Bangkok, 17 April 2017 —The Economic Crime Suppression Division (ECD) is intensifying crackdown on software copyright violation, reporting over 50 business entities were found using unlicensed software on more than 600 PCs in the first quarter of 2017, and the value of software used illegally reaches over 90 million baht. Most raid cases involve interior design companies and auto-parts manufacturers in Bangkok and nearby provinces.

A type of software copyright violation commonly found is that business entities reproduce copies of software without authorization and use one licensed copy to install a program on multiple PCs. In ECD’s first-quarter report of raid cases, a Thai interior design company in Bangkok was found using software illegally on 21 PCs worth over 10 million baht. This company has an annual income of 14 million baht.

Under the Thai Copyright Act, use of unlicensed software may subject business entities and their management to criminal and civil penalties including substantial fines and imprisonment. Also, business entities that obtain software illegally are putting themselves at risk because they will not be entitled to modifications and updates addressing cybersecurity threats from software companies.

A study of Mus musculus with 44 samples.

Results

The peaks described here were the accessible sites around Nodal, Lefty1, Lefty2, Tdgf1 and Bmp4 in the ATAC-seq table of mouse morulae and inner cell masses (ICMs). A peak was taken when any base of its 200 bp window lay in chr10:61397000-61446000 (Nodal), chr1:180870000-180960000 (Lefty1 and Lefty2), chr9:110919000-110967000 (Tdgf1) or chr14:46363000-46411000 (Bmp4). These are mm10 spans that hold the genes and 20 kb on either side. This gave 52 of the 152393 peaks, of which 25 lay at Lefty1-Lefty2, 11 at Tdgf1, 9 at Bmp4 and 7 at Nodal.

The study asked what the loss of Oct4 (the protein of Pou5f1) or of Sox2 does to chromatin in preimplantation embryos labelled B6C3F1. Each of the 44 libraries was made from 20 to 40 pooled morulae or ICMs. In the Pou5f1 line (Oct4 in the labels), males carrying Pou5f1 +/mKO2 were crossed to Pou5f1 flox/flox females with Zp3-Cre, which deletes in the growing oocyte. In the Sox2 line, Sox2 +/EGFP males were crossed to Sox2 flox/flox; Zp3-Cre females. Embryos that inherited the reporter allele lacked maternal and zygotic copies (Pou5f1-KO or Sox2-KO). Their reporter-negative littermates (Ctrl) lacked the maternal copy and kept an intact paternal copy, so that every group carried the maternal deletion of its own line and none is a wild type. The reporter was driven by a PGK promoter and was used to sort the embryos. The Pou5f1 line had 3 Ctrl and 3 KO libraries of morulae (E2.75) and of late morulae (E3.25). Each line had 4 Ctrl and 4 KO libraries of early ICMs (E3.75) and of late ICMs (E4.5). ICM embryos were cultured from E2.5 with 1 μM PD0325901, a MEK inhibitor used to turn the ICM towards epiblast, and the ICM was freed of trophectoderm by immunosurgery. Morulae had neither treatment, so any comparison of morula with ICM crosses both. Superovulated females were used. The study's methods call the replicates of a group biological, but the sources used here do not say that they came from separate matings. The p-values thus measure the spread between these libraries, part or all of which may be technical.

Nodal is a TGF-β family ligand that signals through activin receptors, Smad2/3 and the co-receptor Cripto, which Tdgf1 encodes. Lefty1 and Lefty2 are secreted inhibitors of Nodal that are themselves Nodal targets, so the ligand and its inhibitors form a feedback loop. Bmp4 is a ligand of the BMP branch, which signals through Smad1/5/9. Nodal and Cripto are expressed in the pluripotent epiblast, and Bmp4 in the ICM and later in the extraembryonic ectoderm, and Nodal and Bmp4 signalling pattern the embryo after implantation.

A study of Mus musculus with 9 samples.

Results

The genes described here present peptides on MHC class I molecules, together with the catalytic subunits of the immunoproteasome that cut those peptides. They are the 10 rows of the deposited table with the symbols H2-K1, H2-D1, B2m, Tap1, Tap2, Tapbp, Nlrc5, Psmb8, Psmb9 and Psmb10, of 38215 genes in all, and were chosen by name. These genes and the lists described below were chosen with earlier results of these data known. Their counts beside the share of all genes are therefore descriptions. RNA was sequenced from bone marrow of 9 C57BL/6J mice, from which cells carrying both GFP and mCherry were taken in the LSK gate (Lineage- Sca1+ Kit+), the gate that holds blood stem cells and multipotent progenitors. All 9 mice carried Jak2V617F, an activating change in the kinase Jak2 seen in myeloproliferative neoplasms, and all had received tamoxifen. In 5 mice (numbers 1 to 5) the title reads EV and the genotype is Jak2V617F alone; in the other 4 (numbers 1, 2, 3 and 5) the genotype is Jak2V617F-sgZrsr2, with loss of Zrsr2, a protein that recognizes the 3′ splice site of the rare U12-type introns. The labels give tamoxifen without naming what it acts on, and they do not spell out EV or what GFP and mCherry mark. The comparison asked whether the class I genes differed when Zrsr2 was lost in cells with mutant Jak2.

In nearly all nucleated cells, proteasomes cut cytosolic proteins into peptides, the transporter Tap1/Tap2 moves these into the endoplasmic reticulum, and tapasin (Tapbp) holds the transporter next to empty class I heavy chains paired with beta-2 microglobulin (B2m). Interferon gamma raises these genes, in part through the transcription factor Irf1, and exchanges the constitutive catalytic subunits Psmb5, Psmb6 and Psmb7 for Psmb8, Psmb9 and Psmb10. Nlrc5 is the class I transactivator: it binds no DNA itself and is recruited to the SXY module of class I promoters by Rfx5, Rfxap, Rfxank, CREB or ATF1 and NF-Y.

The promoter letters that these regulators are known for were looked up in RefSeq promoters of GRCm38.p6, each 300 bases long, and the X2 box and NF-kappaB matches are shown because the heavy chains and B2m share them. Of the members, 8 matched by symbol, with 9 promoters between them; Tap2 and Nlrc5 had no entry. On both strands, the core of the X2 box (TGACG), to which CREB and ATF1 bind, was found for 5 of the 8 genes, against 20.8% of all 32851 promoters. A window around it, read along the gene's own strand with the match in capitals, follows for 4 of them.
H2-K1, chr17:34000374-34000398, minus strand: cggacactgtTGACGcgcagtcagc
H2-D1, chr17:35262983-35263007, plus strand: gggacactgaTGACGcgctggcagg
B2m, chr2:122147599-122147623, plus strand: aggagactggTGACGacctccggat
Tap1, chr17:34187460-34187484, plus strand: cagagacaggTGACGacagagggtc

According to IDC’s Global Software Survey, 69% of the software used by enterprises in Thailand in 2016 was unlicensed, compared with 71% in 2013. This steady decline results from the commitment of relevant agencies including the Department of Intellectual Property (DIP) and ECD in seriously protecting and enforcing intellectual property rights through their public awareness and enforcement campaigns.

Another key is that business entities start to understand the implications of unlicensed software use for their business. Use of unlicensed software is not only violating copyright law but also makes business entities’ computer systems vulnerable to malware attacks.

Despite Thailand’s use of unlicensed software is on a steady decline, our goal is to get the rate of 69% closer to or below Asia’s average rate of 61%as soon as possible, according to ECD.

ECD is asking decision makers of business entities to ensure that only licensed software is used at the workplace. The legal and cybersecurity risks posed by use of unlicensed software can include failure in business operations, financial loss, data breach, reputational damage, etc.

You can report use of unlicensed software by calling 02-714-1010 or by reporting it online. More information is available at www.stop.in.th.